Looking at his body of work, you might imagine Yves Pépin studied choreography, performing arts, and stage design along with mythology and history – then perhaps became a filmmaker. In fact, Pépin applied himself to economics and politics, then Arabic studies – then worked as a journalist. But all along that academic path he kept his hand in the arts – painting, music, theater. “Art was a way of life in my family,” he says. His father, an engineer by trade, was a violinist and painter. His mother, a homemaker, also painted. Six-year-old Yves took up the violin, intending to be a concert performer. But in adolescence, “I realized I was not good enough.” He switched to guitar and “started to play rock ‘n’ roll like a normal teenager. It opened up my mind.”
Story by Judith Rubin
The academic world attracted him, but ultimately failed to satisfy – in Lebanon, he halted his post-grad Arabic studies and went off to be a journalist. “I was trapped by the real world.” He acquired the “tools of expression” through two years’ work in radio and television, followed by four years with a communications company. ECA2 was founded in Paris in 1974. It was named after an earlier company, Etudes Creation d’Ambiances, an important innovator in large scale, sound-and-light shows. Pierre Arnaud of the original ECA was Pépin’s mentor.“We were very ambitious: we intended to integrate light, sound and architecture to express something in a global context for the modern world,” says Pépin. When human imagery and human performance were brought into the mix, the toolset was complete.
Defining the nighttime spectacular
It was in the 1980s and 1990s that Pépin, with ECA2, conclusively defined the nighttime spectacular. Employing gigantic cinematic images projected onto the sides of buildings and other structures, and onto sheets of water or mist, enhanced by lasers, lighting, special effects and sound, Pépin’s team created shows that transformed outdoor environments and transported audiences.
Disney and Universal both adopted Pépin’s proprietary AQUASCAN® water screen projection system, developed in 1989. According to Pépin, the night he first tested the system, a tourist couple showed up, captivated by the image of a human face appearing in a fountain, seemingly out of nowhere. After blustering his way through an attempt to explain it to his wife, the husband turned to Pépin, who gently corrected him. “I pointed to the guy working at the pump and said he was putting a special powder in the water, and the powder was what made the image appear.”
The world stage
Pépin has consistently worked on a world stage, unfurling epic-scale, multimedia productions at international sports competitions, world expositions, special events, corporate events and theme parks. His millennial Fireworks Spectacular at the Eiffel Tower in 2000 captivated the public and the media, made the covers of both Time and Newsweek, and brought him global celebrity and acclaim.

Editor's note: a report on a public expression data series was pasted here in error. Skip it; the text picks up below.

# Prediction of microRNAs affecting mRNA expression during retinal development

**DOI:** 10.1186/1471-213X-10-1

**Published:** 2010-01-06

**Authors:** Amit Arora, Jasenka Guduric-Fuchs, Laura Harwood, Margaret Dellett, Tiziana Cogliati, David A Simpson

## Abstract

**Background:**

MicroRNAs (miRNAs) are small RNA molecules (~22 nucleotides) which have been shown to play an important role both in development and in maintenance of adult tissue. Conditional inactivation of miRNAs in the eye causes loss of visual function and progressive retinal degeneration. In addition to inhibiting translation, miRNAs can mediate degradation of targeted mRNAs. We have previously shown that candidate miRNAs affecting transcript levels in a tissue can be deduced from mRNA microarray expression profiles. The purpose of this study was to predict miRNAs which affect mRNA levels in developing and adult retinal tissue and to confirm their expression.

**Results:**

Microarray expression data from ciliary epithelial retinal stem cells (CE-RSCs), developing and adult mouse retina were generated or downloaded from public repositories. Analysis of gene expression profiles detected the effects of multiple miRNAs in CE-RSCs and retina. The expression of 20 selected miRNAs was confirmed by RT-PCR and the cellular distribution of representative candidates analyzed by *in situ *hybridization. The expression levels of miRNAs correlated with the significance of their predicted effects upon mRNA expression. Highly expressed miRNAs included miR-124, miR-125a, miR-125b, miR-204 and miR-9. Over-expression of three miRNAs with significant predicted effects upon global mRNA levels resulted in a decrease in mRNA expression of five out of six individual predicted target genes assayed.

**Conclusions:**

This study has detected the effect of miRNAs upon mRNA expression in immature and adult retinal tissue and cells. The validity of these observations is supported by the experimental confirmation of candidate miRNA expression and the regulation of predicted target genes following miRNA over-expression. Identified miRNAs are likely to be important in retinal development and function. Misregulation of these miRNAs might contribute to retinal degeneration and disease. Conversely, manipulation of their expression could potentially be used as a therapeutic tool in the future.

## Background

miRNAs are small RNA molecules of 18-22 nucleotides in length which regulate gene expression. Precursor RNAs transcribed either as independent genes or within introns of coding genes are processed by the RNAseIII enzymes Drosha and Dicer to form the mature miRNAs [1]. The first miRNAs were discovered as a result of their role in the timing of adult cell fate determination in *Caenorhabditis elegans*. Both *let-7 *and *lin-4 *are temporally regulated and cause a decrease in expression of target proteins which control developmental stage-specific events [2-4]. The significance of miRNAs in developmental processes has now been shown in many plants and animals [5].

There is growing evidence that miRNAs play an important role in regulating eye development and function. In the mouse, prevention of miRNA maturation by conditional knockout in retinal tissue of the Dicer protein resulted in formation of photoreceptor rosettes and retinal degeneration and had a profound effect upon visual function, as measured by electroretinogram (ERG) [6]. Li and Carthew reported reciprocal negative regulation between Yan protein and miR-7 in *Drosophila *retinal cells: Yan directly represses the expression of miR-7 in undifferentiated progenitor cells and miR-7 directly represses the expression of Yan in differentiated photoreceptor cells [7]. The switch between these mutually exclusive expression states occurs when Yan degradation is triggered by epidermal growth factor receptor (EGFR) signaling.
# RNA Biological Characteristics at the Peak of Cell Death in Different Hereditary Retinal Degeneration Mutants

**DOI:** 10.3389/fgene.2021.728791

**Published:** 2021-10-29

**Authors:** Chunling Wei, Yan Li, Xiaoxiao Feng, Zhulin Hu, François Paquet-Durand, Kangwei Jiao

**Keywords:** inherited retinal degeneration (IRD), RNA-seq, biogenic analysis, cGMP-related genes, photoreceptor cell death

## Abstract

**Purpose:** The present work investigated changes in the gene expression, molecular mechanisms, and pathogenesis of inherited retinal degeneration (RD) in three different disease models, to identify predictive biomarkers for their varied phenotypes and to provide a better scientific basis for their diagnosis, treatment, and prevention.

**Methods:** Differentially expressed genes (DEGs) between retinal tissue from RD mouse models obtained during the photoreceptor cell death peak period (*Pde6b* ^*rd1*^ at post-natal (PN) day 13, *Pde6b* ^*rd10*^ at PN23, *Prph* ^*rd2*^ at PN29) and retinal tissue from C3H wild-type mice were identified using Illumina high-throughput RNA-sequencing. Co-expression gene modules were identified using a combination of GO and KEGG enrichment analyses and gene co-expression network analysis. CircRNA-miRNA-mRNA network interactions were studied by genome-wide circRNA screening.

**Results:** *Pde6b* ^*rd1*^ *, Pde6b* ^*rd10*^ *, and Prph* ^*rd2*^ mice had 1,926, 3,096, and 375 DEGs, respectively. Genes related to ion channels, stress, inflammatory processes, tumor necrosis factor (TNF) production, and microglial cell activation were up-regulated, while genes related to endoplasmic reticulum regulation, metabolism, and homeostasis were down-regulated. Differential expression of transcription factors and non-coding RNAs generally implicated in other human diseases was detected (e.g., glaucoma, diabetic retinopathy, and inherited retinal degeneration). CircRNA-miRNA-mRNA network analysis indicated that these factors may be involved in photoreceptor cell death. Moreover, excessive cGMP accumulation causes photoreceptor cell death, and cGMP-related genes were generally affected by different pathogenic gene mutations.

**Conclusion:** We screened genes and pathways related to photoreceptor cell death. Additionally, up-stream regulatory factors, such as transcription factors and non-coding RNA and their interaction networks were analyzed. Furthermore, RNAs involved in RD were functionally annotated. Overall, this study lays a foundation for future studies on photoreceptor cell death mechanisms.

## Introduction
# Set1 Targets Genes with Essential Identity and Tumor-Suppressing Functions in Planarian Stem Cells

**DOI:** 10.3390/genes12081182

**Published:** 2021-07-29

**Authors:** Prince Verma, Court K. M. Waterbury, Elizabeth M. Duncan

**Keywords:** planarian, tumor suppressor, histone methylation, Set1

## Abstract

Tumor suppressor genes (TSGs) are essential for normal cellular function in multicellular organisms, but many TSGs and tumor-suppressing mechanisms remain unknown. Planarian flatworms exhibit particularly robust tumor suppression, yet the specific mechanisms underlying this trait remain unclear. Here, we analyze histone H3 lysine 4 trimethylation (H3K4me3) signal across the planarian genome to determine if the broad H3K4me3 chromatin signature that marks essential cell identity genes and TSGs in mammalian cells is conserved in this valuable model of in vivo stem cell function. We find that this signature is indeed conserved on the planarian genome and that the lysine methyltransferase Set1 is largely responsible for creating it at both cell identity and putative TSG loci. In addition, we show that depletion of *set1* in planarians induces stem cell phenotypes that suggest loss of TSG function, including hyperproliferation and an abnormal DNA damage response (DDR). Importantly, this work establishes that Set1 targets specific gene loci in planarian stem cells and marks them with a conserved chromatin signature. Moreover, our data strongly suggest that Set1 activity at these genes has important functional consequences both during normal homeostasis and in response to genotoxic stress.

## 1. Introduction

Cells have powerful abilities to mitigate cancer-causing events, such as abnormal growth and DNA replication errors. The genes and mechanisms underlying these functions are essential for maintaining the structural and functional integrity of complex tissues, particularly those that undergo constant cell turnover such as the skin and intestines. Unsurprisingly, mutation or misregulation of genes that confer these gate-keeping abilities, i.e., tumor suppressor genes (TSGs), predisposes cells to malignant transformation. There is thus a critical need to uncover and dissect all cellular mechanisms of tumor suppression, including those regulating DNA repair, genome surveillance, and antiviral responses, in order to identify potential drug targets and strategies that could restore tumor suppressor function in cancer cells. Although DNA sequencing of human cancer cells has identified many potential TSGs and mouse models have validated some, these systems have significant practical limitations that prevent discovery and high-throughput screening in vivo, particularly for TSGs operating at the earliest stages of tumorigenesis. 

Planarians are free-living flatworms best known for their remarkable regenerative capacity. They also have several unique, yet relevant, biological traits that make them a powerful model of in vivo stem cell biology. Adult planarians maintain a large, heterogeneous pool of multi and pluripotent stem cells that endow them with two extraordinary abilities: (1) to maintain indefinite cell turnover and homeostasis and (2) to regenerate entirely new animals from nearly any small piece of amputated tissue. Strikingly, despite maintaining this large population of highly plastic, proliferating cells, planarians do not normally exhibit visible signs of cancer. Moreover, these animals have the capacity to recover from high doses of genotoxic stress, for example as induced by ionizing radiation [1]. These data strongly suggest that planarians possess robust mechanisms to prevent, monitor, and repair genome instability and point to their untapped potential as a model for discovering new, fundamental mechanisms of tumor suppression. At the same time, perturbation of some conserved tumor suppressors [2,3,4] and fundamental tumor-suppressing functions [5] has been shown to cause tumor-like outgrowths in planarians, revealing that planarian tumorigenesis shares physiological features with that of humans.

Technology and humanity
High-tech media is inherent to the kind of epic story Pépin tells, and to the vividness and vast scope of his productions. “We use technology and humanity to express the relationship between technology and humanity – the connection between the cold and the warm. Scenography and technology are part of the working context, not just the means. I don’t design the story, then look for the technology to express it. I refuse that way of working.” He likens it to sculpture: “The stone is as important as the subject. And by working on a highly precise, technical level, we make the audience forget that they’re looking at technology.”
Pépin has been consistently drawn to the exotic, to search within it for the universal, the common human elements – and find them. Traveling a great deal with his family as a youth, and on his own as a teen, Pépin was an avid museum-goer. “I absorbed symbols. I tried to find in other cultures the codes – the language they express.”
He produces events that speak in timeless, wordless tongues to global audiences. “I tell my people to be very open to the culture in front of us, to listen. It must be instinctive. When you reach into yourself to find what is common beyond the codes and signs, you find the answer in yourself. You don’t ‘adapt,’ you don’t ‘translate.’ You don’t masquerade as someone of another culture.
Multiple honors and awards
“We must never forget we are making shows,” says the former student of political science. “We are not the UN. We are in the field of entertainment.”
Yves Pépin ran ECA2 for more than 25 years (the company is still doing business and garnering awards, now headed by Jean-Christophe Canizares). He is now an independent show producer and creative director for major projects. His
achievements have been honored with many awards over the years, including multiple Thea Awards from the Themed Entertainment Association. Awarded projects include the Lisbon Expo 98 night show, the Millennium Show at the Eiffel Tower, the historical multimedia show in El Tajin in Mexico, the Toyota “Life is Movement” show at Aichi Expo 2005 in Japan, and “Songs of the Sea” at Sentosa Island in Singapore. The Beijing 2008 Olympics Ceremonies were honored with a Thea Award as well as the Artistic Directors Club Prize.
In 2006, Yves Pépin also received the Thea Lifetime Achievement Award honor, in recognition of his entire work and career.
This article was originally published in the annual Thea Awards Program, by the Themed Entertainment Association.